If you want to object to a Local Council about a planning application the way is to write to the Planning Department, either by post or email. You should always quote the planning application number and send the letter to the official council address shown on any applications.
Your objection will have so much more effect if a number of people write in to object, however do not be tempted to organise a petition; it won’t carry any weight and will probably be a waste of time. Please also avoid using any ‘standard’ letters – you should use your own words and write the letter yourself.
Objections will not carry the same weight if they’re seen to have been written or produced in a standardised form.
Remember that councils always request comments within a time limit which is usually within 21 days of notification, however they should take into account any representations received before the application is actually determined. So it’s never to late to send in your objection – but best advice is to do it as early as possible.
You can say whatever you want about a planning application, however the Council won’t publish or use anything which they think is libellous, racist or offensive. There’s no point in putting things in your letter which are not relevant to planning, because by law the Council can only take into account the planning issues and not be influenced by outside factors.
Concentrate on the aspects of the development which are likely to be unacceptable in terms of their visual impact, effect on the character of a neighbourhood, possible noise and disturbance, overlooking and loss of privacy. The likely effect of the development on the residential amenity of neighbours is clearly an important consideration.
There is generally no point mentioning about impact on house and land values.
Also, any concerns about road safety may be raised, however any objections based on road safety fears are unlikely to carry any weight unless it is also the independent view of the Council’s own highway engineers.
In summary, the following are the grounds on which planning permission is most likely to be refused (non-exhaustive) –
• Adverse effect on the residential amenity of neighbours, by reason of (among other factors) noise*, disturbance*, overlooking, loss of privacy, overshadowing, etc. [*but note that this does not include noise or disturbance arising from the actual execution of the works, which will not be taken into account]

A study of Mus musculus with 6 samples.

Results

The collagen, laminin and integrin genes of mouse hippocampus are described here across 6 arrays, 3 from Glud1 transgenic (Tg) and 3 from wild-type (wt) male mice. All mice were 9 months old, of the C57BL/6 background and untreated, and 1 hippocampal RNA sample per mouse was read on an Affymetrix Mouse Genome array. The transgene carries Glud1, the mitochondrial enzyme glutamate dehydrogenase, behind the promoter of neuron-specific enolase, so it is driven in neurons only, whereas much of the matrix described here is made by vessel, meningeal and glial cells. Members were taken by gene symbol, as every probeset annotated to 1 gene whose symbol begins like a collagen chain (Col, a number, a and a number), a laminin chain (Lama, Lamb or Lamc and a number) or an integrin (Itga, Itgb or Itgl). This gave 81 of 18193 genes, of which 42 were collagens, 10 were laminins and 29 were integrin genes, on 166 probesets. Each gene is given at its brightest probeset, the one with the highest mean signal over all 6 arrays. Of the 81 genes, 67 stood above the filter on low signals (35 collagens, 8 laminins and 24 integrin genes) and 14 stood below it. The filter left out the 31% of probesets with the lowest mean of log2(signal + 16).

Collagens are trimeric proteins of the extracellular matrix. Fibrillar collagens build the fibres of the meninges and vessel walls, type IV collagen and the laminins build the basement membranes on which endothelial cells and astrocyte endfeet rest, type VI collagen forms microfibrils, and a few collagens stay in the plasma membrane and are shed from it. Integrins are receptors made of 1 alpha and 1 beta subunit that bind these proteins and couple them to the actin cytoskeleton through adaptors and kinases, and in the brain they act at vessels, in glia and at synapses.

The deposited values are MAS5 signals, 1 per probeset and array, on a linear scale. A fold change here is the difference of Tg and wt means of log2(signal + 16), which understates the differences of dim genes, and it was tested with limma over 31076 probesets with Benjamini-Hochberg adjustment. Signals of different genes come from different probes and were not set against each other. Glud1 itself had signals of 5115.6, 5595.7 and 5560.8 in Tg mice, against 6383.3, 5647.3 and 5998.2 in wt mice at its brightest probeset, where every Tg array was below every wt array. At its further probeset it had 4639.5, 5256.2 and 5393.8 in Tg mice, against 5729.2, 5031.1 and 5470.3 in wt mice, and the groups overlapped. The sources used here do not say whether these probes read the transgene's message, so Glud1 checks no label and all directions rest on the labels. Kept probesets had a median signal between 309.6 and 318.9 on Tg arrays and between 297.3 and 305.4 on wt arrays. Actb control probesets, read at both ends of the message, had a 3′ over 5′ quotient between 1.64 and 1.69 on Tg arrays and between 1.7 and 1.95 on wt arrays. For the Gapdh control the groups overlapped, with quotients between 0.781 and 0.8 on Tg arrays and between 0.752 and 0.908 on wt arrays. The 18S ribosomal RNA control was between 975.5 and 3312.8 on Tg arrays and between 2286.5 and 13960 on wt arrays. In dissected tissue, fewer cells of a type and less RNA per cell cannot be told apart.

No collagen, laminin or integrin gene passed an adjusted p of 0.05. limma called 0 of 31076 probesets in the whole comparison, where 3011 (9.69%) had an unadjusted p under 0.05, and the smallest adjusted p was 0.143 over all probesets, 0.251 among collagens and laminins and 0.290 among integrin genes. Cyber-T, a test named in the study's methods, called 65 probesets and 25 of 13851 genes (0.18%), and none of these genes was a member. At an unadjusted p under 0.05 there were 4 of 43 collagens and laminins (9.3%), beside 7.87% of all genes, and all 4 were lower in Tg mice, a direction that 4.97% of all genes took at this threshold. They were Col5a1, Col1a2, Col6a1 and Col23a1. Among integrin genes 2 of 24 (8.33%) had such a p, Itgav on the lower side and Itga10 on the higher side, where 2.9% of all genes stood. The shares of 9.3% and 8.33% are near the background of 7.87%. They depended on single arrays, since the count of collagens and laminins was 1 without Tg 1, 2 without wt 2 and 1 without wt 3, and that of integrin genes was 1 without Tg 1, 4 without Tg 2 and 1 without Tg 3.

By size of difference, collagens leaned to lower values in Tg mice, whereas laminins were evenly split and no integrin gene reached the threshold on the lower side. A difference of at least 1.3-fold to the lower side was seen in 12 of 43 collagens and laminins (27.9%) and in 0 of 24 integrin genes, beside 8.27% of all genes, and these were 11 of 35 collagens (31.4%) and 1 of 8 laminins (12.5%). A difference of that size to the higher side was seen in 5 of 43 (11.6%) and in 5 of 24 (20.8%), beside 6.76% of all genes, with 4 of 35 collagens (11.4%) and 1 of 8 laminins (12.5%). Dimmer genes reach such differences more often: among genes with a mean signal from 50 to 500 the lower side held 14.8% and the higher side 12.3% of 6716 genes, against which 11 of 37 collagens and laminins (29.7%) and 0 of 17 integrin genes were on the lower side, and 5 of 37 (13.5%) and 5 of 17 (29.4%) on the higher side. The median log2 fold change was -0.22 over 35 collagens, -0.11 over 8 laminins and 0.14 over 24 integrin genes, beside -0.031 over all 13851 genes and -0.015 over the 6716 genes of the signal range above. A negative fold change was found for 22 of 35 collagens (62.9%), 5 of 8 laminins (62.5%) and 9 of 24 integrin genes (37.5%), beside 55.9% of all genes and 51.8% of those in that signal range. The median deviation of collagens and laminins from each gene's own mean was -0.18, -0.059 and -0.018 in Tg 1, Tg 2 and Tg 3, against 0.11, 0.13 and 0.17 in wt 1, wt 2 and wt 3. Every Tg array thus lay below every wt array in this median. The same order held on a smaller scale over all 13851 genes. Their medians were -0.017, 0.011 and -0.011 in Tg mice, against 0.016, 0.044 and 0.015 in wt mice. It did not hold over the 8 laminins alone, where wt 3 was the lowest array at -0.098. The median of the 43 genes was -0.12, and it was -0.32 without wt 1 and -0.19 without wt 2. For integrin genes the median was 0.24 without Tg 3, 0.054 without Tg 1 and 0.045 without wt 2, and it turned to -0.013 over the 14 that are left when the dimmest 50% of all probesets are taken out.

• Unacceptably high density / overdevelopment of the site, especially if it involves loss of garden land or the open aspect of the neighbourhood (so-called ‘garden grabbing’)
• Visual impact of the development
• Effect of the development on the character of the neighbourhood
• Design (including bulk and massing, detailing and materials, if these form part of the application)
• The proposed development is over-bearing, out-of-scale or out of character in terms of its appearance compared with existing development in the vicinity
• The loss of existing views from neighbouring properties would adversely affect the residential amenity of neighbouring owners
• If in a Conservation Area, adverse effect of the development on the character and appearance of the Conservation Area
• If near a Listed Building, adverse effect of the development on the setting of the Listed Building.
• The development would adversely affect highway safety or the convenience of road users (but only if there is technical evidence to back up such a claim).
These points, on the other hand, will not be taken into account in deciding on the acceptability of the development in planning terms –
• The precise identity of the applicant;
• The racial or ethnic origin of the applicant, their sexual orientation, religious beliefs, political views or affiliations or any other personal attributes;
• The reasons or motives of the applicant in applying for planning permission (for example if the development is thought to be purely speculative);
• Any profit likely to be made by the applicant;
• The behaviour of the applicant;
• Nuisance or annoyance previously caused by the applicant [unless this relates to an existing development for which retrospective permission is being sought];
• Concerns about possible future development of the site (as distinct from the actual development which is currently being proposed);
• Any effect on the value of neighbouring properties.